Benjamin Netanyahu accuses Iran of wanting to 'turn Lebanon into one giant missile site', warns of consequences
Israeli prime minister Benjamin Netanyahu accused Iran of wanting 'to turn Lebanon into one giant missile site' and warned of the consequences as he left Monday for talks in Moscow.
Jerusalem: Israeli prime minister Benjamin Netanyahu accused Iran of wanting "to turn Lebanon into one giant missile site" and warned of the consequences as he left Monday for talks in Moscow.
Netanyahu has held a series of discussions with President Vladimir Putin in recent months on Iran's influence in war-torn Syria and in Lebanon.
The premier has sought to persuade Russia to limit Iran's presence near Israeli territory and to stop it from entrenching itself militarily in Syria.
Israel's military has also issued a series of warnings to Hezbollah, the Lebanese Shiite militia backed by Iran.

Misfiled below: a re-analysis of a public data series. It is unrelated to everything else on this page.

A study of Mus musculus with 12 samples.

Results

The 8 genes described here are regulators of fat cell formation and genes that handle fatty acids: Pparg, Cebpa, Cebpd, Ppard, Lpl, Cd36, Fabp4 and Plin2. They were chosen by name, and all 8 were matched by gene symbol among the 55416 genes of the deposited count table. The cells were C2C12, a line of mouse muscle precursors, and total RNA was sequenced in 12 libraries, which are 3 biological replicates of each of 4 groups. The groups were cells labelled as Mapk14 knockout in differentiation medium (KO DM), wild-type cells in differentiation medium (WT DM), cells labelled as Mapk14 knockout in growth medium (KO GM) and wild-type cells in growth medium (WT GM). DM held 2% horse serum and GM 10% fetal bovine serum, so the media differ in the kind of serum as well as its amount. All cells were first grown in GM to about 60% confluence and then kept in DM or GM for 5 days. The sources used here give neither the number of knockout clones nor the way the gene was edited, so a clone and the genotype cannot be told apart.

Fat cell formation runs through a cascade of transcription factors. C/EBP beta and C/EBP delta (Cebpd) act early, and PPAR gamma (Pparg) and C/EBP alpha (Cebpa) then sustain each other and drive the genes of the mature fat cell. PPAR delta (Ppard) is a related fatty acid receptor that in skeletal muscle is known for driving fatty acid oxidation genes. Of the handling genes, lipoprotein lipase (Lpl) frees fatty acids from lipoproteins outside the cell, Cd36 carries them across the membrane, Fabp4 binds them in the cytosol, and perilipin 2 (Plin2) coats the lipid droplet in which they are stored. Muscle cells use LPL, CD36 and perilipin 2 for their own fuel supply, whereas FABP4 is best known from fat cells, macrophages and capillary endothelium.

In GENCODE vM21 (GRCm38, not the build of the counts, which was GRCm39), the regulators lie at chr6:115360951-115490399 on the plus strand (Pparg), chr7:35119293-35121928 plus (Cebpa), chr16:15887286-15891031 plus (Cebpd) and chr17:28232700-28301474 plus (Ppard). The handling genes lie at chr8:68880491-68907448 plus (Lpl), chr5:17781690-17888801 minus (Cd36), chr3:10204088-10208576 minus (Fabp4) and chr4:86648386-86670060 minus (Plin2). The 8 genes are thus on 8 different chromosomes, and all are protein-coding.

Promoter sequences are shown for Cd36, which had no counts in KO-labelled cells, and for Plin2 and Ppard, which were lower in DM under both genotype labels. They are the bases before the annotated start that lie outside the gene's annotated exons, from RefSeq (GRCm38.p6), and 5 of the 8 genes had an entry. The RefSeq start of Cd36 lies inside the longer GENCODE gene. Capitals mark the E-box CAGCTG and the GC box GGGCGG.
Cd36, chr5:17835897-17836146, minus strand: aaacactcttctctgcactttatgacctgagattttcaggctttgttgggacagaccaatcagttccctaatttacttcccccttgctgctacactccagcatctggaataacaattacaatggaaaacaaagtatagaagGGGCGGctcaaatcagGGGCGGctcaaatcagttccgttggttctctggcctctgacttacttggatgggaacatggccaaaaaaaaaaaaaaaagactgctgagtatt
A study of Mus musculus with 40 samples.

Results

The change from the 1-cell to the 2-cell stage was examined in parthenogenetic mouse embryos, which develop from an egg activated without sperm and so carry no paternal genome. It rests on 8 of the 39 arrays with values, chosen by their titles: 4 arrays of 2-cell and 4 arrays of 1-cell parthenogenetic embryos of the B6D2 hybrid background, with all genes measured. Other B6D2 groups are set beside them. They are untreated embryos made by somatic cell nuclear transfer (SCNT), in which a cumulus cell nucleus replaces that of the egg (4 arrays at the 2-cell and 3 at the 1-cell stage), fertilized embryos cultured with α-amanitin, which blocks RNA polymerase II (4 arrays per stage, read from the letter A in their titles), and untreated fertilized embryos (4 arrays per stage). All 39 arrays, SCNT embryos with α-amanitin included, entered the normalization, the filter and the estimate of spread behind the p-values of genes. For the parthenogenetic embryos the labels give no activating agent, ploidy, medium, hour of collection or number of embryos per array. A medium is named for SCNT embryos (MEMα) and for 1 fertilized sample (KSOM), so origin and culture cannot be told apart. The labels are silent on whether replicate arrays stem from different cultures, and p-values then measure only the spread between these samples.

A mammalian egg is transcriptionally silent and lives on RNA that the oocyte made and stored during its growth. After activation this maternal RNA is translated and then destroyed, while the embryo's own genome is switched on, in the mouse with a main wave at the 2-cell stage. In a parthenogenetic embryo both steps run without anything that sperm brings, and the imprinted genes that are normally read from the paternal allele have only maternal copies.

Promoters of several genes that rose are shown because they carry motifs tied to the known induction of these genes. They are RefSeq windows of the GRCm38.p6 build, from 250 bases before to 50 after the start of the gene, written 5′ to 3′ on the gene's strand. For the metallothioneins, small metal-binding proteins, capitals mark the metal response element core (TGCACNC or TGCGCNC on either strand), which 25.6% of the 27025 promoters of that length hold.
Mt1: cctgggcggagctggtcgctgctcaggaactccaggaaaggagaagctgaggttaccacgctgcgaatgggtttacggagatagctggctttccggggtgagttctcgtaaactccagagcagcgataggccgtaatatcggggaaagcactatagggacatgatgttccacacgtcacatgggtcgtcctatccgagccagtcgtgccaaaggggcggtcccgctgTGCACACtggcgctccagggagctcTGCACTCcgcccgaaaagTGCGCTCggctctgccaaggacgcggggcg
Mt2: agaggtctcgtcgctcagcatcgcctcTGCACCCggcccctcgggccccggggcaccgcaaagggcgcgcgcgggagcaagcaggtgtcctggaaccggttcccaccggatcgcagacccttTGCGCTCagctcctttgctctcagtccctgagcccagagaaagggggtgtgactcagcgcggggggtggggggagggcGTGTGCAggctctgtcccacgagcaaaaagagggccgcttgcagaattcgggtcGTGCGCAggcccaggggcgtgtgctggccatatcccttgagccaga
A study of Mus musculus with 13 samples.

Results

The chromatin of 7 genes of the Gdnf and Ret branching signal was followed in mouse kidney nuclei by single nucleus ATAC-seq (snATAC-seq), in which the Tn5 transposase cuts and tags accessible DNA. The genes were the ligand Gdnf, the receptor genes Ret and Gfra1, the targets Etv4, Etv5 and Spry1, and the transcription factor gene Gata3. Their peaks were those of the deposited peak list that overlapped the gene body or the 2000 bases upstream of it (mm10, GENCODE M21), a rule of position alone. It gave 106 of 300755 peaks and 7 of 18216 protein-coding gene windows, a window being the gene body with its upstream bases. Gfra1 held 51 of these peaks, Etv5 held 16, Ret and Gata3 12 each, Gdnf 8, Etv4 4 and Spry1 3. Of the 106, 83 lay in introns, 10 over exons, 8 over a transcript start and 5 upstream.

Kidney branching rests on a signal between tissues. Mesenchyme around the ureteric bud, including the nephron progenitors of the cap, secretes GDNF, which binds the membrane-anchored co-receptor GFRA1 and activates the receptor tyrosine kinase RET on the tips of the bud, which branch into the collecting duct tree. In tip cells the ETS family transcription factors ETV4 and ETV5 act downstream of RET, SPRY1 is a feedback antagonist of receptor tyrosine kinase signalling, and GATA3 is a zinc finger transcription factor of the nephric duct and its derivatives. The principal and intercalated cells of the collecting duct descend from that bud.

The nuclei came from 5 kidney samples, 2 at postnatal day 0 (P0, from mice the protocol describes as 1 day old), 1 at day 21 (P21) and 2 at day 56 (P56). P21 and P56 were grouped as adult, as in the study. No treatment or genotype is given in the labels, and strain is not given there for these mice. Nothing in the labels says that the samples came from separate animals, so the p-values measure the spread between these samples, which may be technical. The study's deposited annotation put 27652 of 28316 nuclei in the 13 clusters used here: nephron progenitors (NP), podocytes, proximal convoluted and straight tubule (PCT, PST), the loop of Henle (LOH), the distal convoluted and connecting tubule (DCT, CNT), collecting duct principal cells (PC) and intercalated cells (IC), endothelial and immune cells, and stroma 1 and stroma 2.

Russia, Iran and Hezbollah are all backing Syrian president Bashar al-Assad in his country's civil war.
Netanyahu has previously accused Iran of building sites to produce "precision-guided missiles" in both Syria and Lebanon.
"I will discuss with President Putin Iran's relentless efforts to establish a military presence in Syria, which we strongly oppose and are also taking action against," Netanyahu said as he departed.
"We will also discuss Iran's effort to turn Lebanon into one giant missile site, a site for precision missiles against the state of Israel, which we will not tolerate."
Israel has sought to stay out of the Syrian conflict, but acknowledges carrying out dozens of air strikes to stop what it says are advanced arms deliveries to Hezbollah, with whom it fought a devastating 2006 war.
Iran is Israel's main enemy and Netanyahu has repeatedly warned against an entrenched Iranian military presence in the neighbouring country.
In November, Netanyahu signalled that Israel would take military action in Syria when it sees fit as it seeks to ensure Iran-backed forces stay away from its territory.
Russia and Israel have also established a hotline to avoid accidental clashes in Syria.